The Intricate Relationship Between Law and Religion in Our Country

Sisa Namandje

Namibia is not only a democratic country, but a secular one too.

Thus, the framers of our Constitution, in sweeping and the widest possible terms, wrote under article 21 that: “All persons shall have the right to freedom to practise any religion and to manifest such practice.”

In other countries, some have argued that the constitutional freedom of religion is effectively about protecting religious beliefs from the competing commands of society or that of the state.

It is, we must now accept, all about that.

The Constitution does not do much to protect society from religion itself – in particular from religion that promotes and practises conduct that is clearly against public policy and that which is plainly criminal in nature.

Therefore, this sweeping constitutional protection of freedom to practise any religion an individual chooses, can only make sense if the framers of our Constitution believed religion is so sacrosanct and so holy that state power and authority must submissively yield to its conscience.

This was surely influenced by longstanding human perceptions of God – that religion must be practised and propagated without interference and, more frighteningly, unquestioningly.


Michael Stokes Paulsen, an acclaimed writer on the subject, provocatively questions the rationale behind this unyielding constitutional protection of freedom of religion.

He asserts that religious freedom only makes sense as a social and constitutional arrangement on the supposition that God exists (or very likely exists); that God makes claims on the loyalty and conduct of human beings; and that such claims, rightly perceived and understood, are prior and superior to, the claims of any human authority.

Simply put: God’s commands – God’s will, God’s purposes – rightfully trump man’s.

Freedom of religion, understood as a human legal right, is a government’s recognition of the priority and superiority of God’s true commands over anything the state or anyone else requires or forbids.

A belief in and respect for religious autonomy, when considered against the organised laws of the state, makes the whole question of constitutional freedom of religion puzzling.

This is because the constitutional freedom of religion is understood to mean one’s right to entertain any religious belief you choose and that the right to manifest it should be untrammelled by man-made laws as you are observing – faithfully so – your chosen religion.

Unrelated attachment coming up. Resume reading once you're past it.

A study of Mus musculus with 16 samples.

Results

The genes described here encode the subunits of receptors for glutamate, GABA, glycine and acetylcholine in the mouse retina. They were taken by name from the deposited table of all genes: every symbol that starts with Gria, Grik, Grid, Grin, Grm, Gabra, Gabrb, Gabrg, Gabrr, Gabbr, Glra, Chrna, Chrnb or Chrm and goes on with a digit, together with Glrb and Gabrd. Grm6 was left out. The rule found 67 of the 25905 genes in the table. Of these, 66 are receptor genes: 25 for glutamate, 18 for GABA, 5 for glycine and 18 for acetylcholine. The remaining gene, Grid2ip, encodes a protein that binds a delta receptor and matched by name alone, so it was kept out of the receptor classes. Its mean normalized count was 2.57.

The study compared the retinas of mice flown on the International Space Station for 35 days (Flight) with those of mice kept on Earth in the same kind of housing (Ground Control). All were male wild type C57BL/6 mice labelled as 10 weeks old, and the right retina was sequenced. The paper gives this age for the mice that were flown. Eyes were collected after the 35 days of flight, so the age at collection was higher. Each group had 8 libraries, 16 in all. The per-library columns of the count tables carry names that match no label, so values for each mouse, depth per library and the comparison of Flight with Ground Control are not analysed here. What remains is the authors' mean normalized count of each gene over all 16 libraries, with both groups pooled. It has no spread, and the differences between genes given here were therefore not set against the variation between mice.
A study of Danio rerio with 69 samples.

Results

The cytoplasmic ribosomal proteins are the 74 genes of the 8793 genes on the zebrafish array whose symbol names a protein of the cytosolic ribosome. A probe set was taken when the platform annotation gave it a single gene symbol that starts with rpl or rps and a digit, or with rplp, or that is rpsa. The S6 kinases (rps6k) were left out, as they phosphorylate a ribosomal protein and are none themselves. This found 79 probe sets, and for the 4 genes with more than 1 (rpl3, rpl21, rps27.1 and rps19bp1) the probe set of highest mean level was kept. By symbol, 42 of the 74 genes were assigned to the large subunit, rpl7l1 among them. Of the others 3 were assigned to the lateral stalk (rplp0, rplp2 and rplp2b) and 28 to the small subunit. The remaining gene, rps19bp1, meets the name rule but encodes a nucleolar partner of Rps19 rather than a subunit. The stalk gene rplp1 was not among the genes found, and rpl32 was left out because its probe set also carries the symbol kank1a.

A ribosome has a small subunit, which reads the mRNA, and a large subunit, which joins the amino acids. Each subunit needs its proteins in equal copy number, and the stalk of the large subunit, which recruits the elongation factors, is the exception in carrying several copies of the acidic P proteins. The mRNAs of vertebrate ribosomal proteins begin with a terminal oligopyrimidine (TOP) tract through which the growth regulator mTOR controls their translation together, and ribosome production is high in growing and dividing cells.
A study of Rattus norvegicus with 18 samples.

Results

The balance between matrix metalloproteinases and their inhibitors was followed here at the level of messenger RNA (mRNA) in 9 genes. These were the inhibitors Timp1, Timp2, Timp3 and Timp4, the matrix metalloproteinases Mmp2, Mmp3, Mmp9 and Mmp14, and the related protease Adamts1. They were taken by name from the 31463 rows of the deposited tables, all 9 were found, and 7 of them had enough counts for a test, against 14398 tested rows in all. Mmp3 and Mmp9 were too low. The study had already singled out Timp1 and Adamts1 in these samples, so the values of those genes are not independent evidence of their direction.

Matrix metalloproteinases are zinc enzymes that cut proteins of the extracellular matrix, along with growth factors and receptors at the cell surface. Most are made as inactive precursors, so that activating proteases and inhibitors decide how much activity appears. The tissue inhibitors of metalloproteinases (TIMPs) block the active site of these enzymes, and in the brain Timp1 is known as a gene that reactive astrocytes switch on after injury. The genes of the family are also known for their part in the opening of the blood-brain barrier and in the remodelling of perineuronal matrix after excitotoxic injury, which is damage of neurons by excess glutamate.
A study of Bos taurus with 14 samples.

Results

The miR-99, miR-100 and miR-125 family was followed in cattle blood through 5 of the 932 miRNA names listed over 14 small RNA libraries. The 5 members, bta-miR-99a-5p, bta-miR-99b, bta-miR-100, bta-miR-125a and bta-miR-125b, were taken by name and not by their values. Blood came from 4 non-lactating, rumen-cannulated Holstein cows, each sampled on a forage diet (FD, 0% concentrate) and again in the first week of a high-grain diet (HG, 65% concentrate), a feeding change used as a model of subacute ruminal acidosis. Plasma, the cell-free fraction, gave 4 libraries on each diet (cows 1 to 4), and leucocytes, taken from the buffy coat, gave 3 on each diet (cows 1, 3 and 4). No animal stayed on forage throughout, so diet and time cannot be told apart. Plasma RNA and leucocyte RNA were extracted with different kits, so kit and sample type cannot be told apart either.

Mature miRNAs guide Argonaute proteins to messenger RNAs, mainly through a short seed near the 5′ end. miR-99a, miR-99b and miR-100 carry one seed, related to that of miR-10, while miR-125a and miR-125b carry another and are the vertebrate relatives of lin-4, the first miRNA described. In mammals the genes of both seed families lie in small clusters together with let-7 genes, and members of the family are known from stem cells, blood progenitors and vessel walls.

The reasonable restrictions to which this freedom could be subjected under article 21 of the Namibian Constitution do not – we know – do much to regulate religious practices particularly those which are obnoxious.

The religion vis-à-vis law relationship is regrettably also complicated by the fact in Africa it is not uncommon to come across reports of pastors instructing congregants to eat grass, insects, snakes or drink a cocktail of toxic liquid.

We are told this is all part of one’s chosen religion.

Moreover, where the government has intervened in the labour sector to set minimum and fair working conditions for all citizens, some believe labour laws should not interfere with the pastoral relationship between the church and its pastors.

In England, for example, it was once said a pastor is called and accepts the call. He does not devote his working life but his whole life to his church and religion.

His duties are defined and his activities are dictated not by contract, but by conscience. He is a servant of God.

If his manner of serving God is unacceptable to the church, it can end his pastorate in accordance with its rules.

The law will ensure that a pastor is not deprived of his salaried pastorate save in accordance with the provisions of the book of rules but a court cannot determine whether a reasonable church would sever the link between pastor and congregation.


Moreover, the constitutional respect for religion has led to a situation where, for instance, those who choose not to practise religion are made to feel they are coerced to submit to Christian observances when, for instance, it comes to the prohibition of selling liquor on Sundays and religious holidays.

The fact that a substantial section of Namibia’s workforce, notwithstanding much needing to be done in our economy, does not work on Sundays strongly suggests the sabbatical observance of a work holiday on Sundays had a secular and Christian purpose.

Only time will tell before a question arises in Namibian courts whether religious preachings by some church pastors on matters that are clearly fictitious, or patently false, should be accepted as in accordance with the law even when it is clear the preachings amount to fraud.

This is also made difficult by the fact there is a clear pentecostal jealousy within the broader church community .

Some churches regard themselves as superior to others, while some accuse others of fraud particularly when it comes to ‘miracles’ some claim they can perform.

It is only a matter of time before a legal question is asked in Namibia on the necessary contours when it comes to religious freedoms and beliefs.

Sisa Namandje is a legal practitioner of both the Supreme Court and High Court of Namibia and has written six law books.